A new survey of Berlin refugees by the Hertie School reveals a high level of trust in German institutions and citizens.
- High trust in German institutions and citizens, despite logistical issues.
- Survey indicates they feel safe and are keen to find work.
- Fellow refugees are main source of information, not government or NGOs.
- Little idea of the role NGOs play, despite major support to government efforts.
Berlin, 2 September 2016 – A new survey of Berlin refugees by the Hertie School reveals a high level of trust in German institutions and citizens. A majority of refugees also say they feel safe and would like to have more information about the job market.
The survey, Refugees in Berlin 2015/16: Perceptions of basic public service delivery, was carried out by Hertie School students, staff, and refugees participating in spring 2016 courses, under the academic direction of Prof. Dr. Gerhard Hammerschmid and Anca Oprisor. The survey is based on interviews with 351 asylum seekers in Berlin from Afghanistan, Albania, Iraq, Kosovo and Syria.
Despite criticism of how the Berlin government handled refugees in autumn 2015, 87% of those surveyed say they trust the police, 81% the justice and court system and 85% German citizens. While only 20% are satisfied with their interaction with government institutions, the picture is quite different on a personal level. 43% percent say officials are competent, 42% say they are friendly and 52% believe they are frequently overwhelmed. This may indicate that a lack of administrative resources hampers the officials’ ability to provide timely, efficient services and to adequately assess refugees’ needs.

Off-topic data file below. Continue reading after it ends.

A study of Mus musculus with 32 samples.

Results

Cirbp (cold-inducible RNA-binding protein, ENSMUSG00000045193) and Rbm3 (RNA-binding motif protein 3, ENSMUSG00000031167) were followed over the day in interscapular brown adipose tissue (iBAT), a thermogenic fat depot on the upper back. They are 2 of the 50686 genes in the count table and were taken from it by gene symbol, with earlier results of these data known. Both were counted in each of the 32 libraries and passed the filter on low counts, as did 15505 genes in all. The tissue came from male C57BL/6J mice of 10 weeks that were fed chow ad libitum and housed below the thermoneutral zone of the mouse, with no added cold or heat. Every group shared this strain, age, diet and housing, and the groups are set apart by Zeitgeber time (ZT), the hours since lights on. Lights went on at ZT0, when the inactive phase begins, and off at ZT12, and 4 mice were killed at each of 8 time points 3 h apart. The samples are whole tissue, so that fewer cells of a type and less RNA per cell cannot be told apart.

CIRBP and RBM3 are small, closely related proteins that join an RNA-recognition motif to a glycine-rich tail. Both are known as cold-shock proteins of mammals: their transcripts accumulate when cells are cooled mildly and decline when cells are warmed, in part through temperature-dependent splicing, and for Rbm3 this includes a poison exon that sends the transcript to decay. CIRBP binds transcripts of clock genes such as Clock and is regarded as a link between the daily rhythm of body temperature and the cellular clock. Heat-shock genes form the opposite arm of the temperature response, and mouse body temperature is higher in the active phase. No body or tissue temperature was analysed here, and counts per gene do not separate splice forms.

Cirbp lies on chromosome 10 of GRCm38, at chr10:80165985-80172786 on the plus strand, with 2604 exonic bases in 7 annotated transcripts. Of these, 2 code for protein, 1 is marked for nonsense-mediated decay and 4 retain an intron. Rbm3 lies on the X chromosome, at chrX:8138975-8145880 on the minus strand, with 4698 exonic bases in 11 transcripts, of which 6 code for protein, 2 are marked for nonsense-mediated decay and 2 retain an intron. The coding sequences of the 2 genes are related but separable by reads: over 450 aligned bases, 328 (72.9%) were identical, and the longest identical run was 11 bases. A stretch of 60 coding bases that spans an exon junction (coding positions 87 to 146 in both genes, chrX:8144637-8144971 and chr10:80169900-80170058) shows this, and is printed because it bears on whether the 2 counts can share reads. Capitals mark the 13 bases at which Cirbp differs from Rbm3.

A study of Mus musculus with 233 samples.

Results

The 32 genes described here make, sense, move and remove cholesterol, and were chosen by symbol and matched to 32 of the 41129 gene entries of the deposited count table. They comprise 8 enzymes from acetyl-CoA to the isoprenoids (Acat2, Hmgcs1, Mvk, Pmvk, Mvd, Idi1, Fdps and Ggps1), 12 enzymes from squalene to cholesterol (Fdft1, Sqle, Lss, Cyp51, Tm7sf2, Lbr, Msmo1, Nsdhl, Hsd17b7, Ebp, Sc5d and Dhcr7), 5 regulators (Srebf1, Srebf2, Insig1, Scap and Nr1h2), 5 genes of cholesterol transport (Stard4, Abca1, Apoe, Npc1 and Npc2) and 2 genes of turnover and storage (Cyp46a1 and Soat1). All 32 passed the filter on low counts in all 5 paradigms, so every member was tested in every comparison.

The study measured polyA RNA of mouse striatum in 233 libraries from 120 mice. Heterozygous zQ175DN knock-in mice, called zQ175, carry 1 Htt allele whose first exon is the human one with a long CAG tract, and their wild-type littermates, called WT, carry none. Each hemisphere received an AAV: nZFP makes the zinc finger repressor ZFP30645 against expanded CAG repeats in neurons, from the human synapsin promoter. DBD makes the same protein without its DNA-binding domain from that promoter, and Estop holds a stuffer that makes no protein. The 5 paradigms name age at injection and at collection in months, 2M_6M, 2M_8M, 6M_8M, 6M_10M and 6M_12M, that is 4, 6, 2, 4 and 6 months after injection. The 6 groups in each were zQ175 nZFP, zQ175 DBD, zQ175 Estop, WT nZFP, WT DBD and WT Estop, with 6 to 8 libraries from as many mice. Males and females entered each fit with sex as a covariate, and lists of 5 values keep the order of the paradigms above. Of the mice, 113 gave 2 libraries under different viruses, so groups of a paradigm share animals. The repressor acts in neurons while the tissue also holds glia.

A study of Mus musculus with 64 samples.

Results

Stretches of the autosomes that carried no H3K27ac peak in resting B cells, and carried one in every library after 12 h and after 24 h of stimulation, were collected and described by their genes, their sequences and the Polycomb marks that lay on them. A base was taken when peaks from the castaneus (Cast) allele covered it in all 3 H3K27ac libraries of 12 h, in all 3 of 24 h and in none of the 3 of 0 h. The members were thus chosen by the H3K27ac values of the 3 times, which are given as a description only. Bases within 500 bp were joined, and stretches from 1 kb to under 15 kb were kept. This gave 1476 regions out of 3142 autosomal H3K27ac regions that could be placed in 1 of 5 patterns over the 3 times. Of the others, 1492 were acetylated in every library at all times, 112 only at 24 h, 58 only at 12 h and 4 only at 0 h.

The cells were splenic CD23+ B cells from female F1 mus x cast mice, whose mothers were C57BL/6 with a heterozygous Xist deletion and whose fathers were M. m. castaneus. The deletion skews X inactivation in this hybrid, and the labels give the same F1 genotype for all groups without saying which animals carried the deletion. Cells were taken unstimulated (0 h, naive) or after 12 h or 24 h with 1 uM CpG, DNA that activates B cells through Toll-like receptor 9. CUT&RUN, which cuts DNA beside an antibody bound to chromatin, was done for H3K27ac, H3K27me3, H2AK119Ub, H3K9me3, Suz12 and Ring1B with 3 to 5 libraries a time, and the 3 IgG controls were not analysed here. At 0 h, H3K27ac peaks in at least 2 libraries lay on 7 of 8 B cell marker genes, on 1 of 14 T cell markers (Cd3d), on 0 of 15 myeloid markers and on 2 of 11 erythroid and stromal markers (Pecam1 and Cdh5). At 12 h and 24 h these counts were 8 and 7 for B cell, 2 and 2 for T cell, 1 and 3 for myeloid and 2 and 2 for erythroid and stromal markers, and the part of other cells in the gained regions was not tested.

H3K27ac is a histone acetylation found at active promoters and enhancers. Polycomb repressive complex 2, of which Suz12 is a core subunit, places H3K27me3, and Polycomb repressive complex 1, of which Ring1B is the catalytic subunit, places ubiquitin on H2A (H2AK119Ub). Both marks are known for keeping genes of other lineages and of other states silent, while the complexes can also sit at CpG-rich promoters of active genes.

Respondents are most positive about services relating to personal safety (60%). Their biggest concern a lack of information they need to enter the job market (75%) and many say they would like better access to German courses (50%).
Over 70% say other refugees are their most important source of information on public services, rather than the government or NGOs, indicating that government institutions could possibly harness this network to in their efforts to support refugees. One obstacle, however, could be the refugees’ general mistrust of each other – around 70% said they did not trust other refugees. And regardless of their country of origin, 59% feel there is a growing inequality in how different refugee groups are handled. That number rises to 73% for respondents from Afghanistan.
Results point to a surprisingly low visibility for NGOs, despite the fact that NGOs have greatly supported government efforts. Around half of all respondents assess NGOs as unimportant across all service areas, and a third are altogether unable to describe their interaction with them, although those who could were positive. The authors interpret this as an indication that refugees hardly differentiate between intergovernmental and non-governmental entities. The cooperation between the two should be further improved.
Download the full survey Refugees in Berlin 2015/16: Perceptions of basic public service delivery here.